How Does a Home Equity Line of Credit Work?
Often referred to as HELOCs, home equity lines of credit are essentially second mortgages. They allow homeowners to borrow most of the equity they’ve built up in their home without having to sell that home or alter the terms of the mortgage. Once your lender approves a HELOC, you can use as much or as little of the credit available to you as you choose. A HELOC is not something to be used casually, however, as it is secured debt tied to the value of your home.
Estimating Available Line of Credit
Lending institutions have fairly straightforward ratios for calculating the available value for a homeowner’s line of credit. Typically, you can borrow about 80 percent of the current value of your home minus the amount you still owe on the mortgage. The catch is that the amount of the credit line usually must stay within the lender’s chosen percentage ratio.
The term current value of your home can be confusing, as it has little to do with how much you originally paid for your home. Instead, an appraiser evaluates your home against recent comparable sales in your area to calculate an appraised value that fits with the current housing market. That appraised home value impacts the maximum amount you can access through a HELOC:
- If your house has held its value or appreciated, you should have some equity. Perhaps you bought a house 10 years ago, for example, for $300,000. It now appraises at $310,000, but you still owe $220,000. To estimate a starting maximum credit line amount using 80 percent, the formula would be $310,000 x 0.80 – $220,000 = $28,000.
- If your home is in an area experiencing a depressed housing market, the loss in appraised value of your home will reduce your potential line of credit. This time, let’s say that your $300,000 house now appraises at $275,000, but you still owe that same $220,000. To estimate another starting maximum amount, the formula would be $275,000 x 0.80 – $220,000 = $0.
Beyond calculating the loan to value ratio, lenders also adjust HELOC terms to correspond with an applicant’s income, debt load and credit score.
Understanding Upfront Costs
While HELOCs don’t carry traditional closing costs, they do have upfront costs that vary by lender. At the very least, you’ll probably have to pay out of pocket for the mandatory home appraisal. You may also have to pay an origination fee as well as an annual fee. Upfront costs for HELOCs are usually less than those for a home equity loan or mortgage, for example, but you’ll also be paying a variable rate of interest once you use your line of credit.
Calculating Interest and Payments
A HELOC is actually a revolving line of secured credit. It works much like a credit card, with a variable interest rate that consistently rises and falls with the prime rate. You pay only on the portion of the line of credit that you’ve used – your balance – but:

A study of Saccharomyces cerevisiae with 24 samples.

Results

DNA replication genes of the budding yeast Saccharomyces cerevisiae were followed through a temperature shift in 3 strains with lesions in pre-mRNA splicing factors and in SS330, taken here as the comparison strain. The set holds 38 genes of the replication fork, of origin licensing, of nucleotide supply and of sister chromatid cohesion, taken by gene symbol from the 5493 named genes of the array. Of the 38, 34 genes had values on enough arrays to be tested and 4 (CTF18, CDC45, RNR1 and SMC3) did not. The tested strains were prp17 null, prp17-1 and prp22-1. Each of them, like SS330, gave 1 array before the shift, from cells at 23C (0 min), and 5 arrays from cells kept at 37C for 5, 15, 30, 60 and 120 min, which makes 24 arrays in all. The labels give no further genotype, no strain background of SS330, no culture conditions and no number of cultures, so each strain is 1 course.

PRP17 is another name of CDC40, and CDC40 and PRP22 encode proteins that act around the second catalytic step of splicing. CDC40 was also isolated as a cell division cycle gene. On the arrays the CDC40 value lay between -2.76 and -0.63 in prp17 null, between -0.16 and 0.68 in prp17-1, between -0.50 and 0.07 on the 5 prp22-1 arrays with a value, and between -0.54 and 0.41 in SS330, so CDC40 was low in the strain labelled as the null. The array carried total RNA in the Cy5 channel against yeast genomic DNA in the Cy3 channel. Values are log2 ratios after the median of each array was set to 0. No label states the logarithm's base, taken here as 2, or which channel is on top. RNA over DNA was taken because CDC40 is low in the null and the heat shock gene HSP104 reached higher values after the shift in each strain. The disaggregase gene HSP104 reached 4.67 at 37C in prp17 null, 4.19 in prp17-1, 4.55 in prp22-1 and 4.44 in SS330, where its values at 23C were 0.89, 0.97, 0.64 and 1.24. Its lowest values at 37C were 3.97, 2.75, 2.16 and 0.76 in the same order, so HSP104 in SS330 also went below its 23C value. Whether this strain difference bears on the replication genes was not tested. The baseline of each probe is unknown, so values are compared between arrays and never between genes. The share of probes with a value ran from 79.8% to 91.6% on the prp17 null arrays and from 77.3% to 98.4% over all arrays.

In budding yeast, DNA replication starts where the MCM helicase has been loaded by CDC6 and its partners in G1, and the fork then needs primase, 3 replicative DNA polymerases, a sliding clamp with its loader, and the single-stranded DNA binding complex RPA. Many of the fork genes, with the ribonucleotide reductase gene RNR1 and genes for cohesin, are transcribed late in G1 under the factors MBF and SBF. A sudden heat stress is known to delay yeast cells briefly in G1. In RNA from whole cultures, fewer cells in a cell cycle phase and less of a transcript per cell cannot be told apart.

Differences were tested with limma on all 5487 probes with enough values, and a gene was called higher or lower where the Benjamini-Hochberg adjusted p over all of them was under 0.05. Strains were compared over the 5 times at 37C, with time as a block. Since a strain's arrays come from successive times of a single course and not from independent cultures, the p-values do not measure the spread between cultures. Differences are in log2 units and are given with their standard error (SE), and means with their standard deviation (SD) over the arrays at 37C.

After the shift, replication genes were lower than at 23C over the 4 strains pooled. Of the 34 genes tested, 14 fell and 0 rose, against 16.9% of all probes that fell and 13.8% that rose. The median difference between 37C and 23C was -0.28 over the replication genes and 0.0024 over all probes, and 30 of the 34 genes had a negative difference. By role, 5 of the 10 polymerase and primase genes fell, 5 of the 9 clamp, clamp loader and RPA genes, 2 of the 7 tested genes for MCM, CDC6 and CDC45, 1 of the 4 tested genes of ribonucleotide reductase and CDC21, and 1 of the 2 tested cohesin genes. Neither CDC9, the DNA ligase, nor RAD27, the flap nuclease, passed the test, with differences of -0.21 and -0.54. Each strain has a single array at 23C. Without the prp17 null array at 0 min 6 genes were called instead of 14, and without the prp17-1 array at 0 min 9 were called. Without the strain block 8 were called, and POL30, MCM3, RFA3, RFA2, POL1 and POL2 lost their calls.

- Your HELOC’s APR, or interest rate, will actually be an indexed prime rate plus a margin of percentage points specified in your HELOC’s terms.
- Interest is calculated on daily balances, and interest rate changes may be applied monthly or quarterly. Most loans have periodic caps to limit incremental increases in interest rates, but HELOCs rarely have them.
- Your HELOC’s lifetime interest rate cap determines how much your lender can adjust the interest rate over the term of the credit line. States regulate ceilings, but they’re typically as high as 18 percent.
- HELOCs usually have a minimum draw amount that you must take at closing.
Following Timeline Constraints
HELOC activity must conform to established timelines. A line of credit may have an introductory period. It will also have a draw period, a repayment period and an overall term.
- Introductory periods offer attractive – even sub-prime – introductory rates that typically are limited to the first 6 months or so of the initial draw period.
- The draw period denotes the first 5 to 10 years, when you can spend HELOC funds. You may be able to opt for monthly payments that are interest-only or a very low percentage of the balance comprising interest and principal. You may also be able to lock in a fixed rate option for the remainder of the term.
- The repayment period is usually the latter 10 to 20 years of the term, when you’ll make substantially larger monthly payments with principal and interest to satisfy the debt.
- The term is the overall life of the HELOC, commonly 25 years.
Using Your HELOC Wisely
HELOCs can be effective financial tools when used wisely. Any interest paid may be tax-deductible. Too, interest rates on HELOCs have traditionally remained below those of credit cards. However, HELOCs by their very nature come with certain limiting conditions:
- Though not a primary mortgage, HELOCs are secured debt. They’re second mortgages tied to the equity in your home. Using them to pay for credit card balances, for example, transforms unsecured debt that could be erased in bankruptcy into secured debt that cannot.
- If you want to sell your home, funds from that sale must satisfy your primary mortgage first, but the HELOC will also have to be settled. A HELOC can make refinancing a home through a competitor more complex as well.
- Lenders can use changes in your credit rating, declining real estate values or even the death of an earning spouse as sufficient cause to reduce, freeze or close a HELOC and demand satisfaction for outstanding balances.
How Does a Home Equity Line of Credit Work?
So, how does a home equity line of credit work? Before you sign and initial the paperwork, before you write the check or insert the card, before you make that first minimum draw, be sure you can answer that question. The Truth in Lending Act mandates that lenders disclose all loan cost information to consumers in easily understood terms, so take the time to ask questions and read your HELOC terms – right down to the fine print.